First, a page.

Summer of storytelling: Showcasing the diverse faces of the Continental Divide

by Andrea Kurth, Marketing, Communications, and Community Outreach Specialist, Continental Divide Trail Coalition

In 2018, the Continental Divide Trail Coalition (CDTC) celebrated the first 40 years of the Continental Divide National Scenic Trail. We applauded decades of progress toward completing the trail—there are fewer than 180 miles yet to be protected—and we marveled at the widespread community of individuals dedicated to its stewardship. We looked back at the amazing accomplishments of the men and women who have thru-hiked the Divide and we welcomed new CDT Gateway Communities into the network of cities and towns that recognize the unique economic and cultural value that the CDT brings.

However, as we looked back at the last 40 years, we noticed there were many people that were omitted from the story we told of the Continental Divide Trail. We realized that there were many voices missing from the effort to conserve this amazing national resource. So, we began to gather and tell the stories of people who have been traditionally left out of recreation and conservation spaces with our effort, Faces of the Continental Divide, made possible by a grant award from Hydro Flask’s Parks for All program and donations from REI Co-Op. 

Beginning at the start of Latino Conservation Week and ending on National Public Lands Day, Faces of the Continental Divide was envisioned as a summer of events and storytelling celebrating the diverse communities engaged in conserving the landscapes of the Continental Divide. From July 13 to September 28, we invited groups engaged in outdoor recreation and conservation in the Rocky Mountain West to host events that celebrated their relationship with public lands and we asked participants to share their unique stories with us. Our goal was to expand the narrative about the Continental Divide Trail and its surrounding landscapes, and to begin to tell a story about the CDT that includes indigenous nations, people of color, and other underrepresented communities.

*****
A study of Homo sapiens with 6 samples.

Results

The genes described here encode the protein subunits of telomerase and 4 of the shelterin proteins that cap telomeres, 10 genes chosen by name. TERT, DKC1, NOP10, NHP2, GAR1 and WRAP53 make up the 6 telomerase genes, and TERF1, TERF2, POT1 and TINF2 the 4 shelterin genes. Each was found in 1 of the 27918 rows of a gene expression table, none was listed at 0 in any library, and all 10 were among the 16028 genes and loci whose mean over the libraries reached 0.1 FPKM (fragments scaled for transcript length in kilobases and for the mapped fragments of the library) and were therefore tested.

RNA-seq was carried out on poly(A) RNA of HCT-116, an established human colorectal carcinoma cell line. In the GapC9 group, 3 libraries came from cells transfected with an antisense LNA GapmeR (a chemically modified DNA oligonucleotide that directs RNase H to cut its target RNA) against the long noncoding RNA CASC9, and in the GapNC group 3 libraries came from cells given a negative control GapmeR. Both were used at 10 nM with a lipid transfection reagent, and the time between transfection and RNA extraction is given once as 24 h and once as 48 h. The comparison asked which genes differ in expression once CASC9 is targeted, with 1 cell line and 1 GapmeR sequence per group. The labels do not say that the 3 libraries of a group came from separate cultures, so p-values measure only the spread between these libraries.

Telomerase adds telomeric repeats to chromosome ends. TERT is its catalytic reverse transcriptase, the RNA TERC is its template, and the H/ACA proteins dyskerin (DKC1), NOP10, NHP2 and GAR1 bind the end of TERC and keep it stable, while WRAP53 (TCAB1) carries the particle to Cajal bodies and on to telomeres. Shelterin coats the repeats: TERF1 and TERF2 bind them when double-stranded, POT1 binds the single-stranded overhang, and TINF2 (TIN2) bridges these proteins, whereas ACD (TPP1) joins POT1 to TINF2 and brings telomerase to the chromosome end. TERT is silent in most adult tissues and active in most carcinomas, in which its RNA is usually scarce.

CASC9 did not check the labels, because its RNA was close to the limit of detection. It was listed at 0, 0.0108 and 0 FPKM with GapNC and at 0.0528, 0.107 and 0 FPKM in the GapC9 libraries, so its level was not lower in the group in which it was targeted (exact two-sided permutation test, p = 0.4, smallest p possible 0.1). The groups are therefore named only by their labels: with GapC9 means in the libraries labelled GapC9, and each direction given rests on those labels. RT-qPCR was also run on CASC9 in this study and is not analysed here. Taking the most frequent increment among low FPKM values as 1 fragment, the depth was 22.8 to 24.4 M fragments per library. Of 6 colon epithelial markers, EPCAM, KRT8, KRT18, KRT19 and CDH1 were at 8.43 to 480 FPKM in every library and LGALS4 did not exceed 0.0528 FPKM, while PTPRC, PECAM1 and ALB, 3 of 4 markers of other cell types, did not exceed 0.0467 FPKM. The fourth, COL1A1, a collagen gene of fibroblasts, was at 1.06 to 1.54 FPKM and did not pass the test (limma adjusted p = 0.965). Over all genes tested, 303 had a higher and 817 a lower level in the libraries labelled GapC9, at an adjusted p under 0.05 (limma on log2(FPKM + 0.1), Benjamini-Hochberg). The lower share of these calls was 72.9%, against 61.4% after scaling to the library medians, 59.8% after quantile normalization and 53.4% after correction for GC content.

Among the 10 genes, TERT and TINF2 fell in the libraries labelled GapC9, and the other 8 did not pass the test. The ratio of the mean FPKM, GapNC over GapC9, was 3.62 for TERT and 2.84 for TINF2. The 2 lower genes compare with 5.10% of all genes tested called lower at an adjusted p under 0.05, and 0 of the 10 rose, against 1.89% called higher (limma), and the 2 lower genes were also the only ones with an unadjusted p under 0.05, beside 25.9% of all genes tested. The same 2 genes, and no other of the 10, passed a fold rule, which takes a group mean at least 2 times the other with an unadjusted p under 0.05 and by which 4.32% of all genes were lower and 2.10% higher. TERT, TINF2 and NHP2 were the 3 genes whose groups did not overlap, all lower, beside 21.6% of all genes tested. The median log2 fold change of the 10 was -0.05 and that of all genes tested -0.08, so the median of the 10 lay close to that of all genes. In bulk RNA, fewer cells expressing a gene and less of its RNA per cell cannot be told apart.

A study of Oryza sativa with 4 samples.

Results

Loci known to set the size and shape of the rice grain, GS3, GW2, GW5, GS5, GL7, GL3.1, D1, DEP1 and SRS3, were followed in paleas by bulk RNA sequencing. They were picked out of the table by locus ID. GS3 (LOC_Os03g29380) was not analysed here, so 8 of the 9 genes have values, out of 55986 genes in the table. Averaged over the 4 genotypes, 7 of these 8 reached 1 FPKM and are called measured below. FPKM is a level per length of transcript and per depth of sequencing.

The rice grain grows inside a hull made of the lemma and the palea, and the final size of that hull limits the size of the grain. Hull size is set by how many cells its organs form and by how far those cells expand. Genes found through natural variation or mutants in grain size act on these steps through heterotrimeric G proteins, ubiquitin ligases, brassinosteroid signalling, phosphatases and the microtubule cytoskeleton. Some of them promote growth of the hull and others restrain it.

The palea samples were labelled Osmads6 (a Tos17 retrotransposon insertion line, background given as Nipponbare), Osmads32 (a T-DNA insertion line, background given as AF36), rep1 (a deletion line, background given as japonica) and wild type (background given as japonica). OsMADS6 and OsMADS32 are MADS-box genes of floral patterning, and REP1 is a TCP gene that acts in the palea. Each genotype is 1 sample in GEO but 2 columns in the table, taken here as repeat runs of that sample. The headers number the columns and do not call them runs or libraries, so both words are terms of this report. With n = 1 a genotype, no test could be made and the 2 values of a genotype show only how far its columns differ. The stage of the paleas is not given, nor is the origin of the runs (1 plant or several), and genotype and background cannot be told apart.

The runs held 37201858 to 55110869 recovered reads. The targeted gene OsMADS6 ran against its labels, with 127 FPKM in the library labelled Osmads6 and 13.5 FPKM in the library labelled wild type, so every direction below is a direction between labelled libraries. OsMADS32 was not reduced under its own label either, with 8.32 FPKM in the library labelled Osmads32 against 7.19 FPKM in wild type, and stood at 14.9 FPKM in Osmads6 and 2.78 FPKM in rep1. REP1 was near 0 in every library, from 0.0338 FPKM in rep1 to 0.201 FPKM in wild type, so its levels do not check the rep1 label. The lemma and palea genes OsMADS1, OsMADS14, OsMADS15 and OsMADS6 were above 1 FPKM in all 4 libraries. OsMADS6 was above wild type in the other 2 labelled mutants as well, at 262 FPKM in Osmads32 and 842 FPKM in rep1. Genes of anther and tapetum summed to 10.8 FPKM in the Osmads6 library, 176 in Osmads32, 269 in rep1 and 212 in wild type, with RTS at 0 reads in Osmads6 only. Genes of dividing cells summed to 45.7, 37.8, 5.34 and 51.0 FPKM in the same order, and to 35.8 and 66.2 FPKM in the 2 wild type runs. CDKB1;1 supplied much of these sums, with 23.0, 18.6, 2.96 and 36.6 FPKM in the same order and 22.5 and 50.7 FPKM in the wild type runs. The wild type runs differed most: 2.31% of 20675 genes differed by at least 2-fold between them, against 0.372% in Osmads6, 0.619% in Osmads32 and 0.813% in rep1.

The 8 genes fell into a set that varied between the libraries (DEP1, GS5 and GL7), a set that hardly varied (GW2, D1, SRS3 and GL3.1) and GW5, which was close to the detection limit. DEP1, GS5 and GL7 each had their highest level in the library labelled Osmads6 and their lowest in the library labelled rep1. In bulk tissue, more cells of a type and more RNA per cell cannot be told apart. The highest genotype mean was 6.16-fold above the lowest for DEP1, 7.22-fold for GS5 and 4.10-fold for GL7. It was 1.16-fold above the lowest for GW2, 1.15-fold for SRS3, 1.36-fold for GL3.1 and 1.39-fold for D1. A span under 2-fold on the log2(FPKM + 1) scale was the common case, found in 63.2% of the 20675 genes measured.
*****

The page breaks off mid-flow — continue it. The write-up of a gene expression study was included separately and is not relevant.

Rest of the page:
Members of the Latino Outdoors Denver Colorado chapter review a map of Herman Gulch after their hike to Herman Lake. Latino Outdoors hosted an event called “Conchas y Cafe,” and shared pastries and coffee with members before their hike as part of the Faces of the Continental Divide effort. (Photo Credit: Janelle Paciencia)

During this effort, we’ve partnered with over 20 organizations—many of which we haven’t worked with before—to share the Continental Divide Trail and public lands with new audiences. We hosted events in conjunction with organizations working to diversify public lands, including Latino Outdoors, Denver Environmental Learning for Kids (ELK), Hispanic Access Foundation, Outdoor Afro, Outdoor Asian, Spirit of the Sun, Americas for Conservation + the Arts, as well as our traditional partners like the U.S. Forest Service and CDT Gateway Communities.

The events we’ve hosted in four CDT states are as diverse as the landscapes and people of the Continental Divide, serving people of differing backgrounds, ages, abilities, and knowledge of the trail. Events included a poetry workshop bringing the Continental Divide to the Denver metro area, group hikes with Latino Outdoors and Outdoor Afro, a family camp-out with indigenous and Latinx families in Rocky Mountain National Park, and a service project on National Public Lands Day in the Carson National Forest.

Each individual community has their own way to connect with the landscapes of the Rocky Mountains. Some have a long history with these lands, and others have never visited the Continental Divide, despite being intricately connected with the watersheds that begin on its ridgelines. Some communities want to hike fast, while others prefer to go slowly, intimately meeting each stream, rock, and knoll. We’ve learned that all the histories, knowledge, and uses of these landscapes are equally valuable, and each voice will be important to help us preserve them.

Now, we’re looking forward to the next 40 years of protecting the CDT and the challenges these years will bring. With shrinking land management budgets and changing policies, the protection of public lands is more important than ever. We at CDTC know that the best way to face these challenges is to continue to build a diverse community of people dedicated to the protection of the trail. 

We know that to complete, promote, and protect the CDT and serve all people, we must invite the folks who have traditionally been left out of conservation and public lands issues into our conversation. It’s our hope that with Faces of the Continental Divide, we have begun to do just that.

Share why you value the landscapes of the CDT by submitting a story through December 31, 2019. You can also view the CDTC’s new video, “Stories of the Gila,” that showcases why and how the people of southern New Mexico connect to the Gila National Forest:

Latino Outdoors, in collaboration with the Continental Divide Trail Coalition, hosted a hike in Herman Gulch in August to celebrate Faces of the Continental Divide. (Photo Credit: Janelle Paciencia)

Unless otherwise indicated, all material in Pathways Across America is public domain. All views expressed herein are perspectives of individuals working on behalf of the National Trails System and do not necessarily represent the viewpoint of the Federal agencies.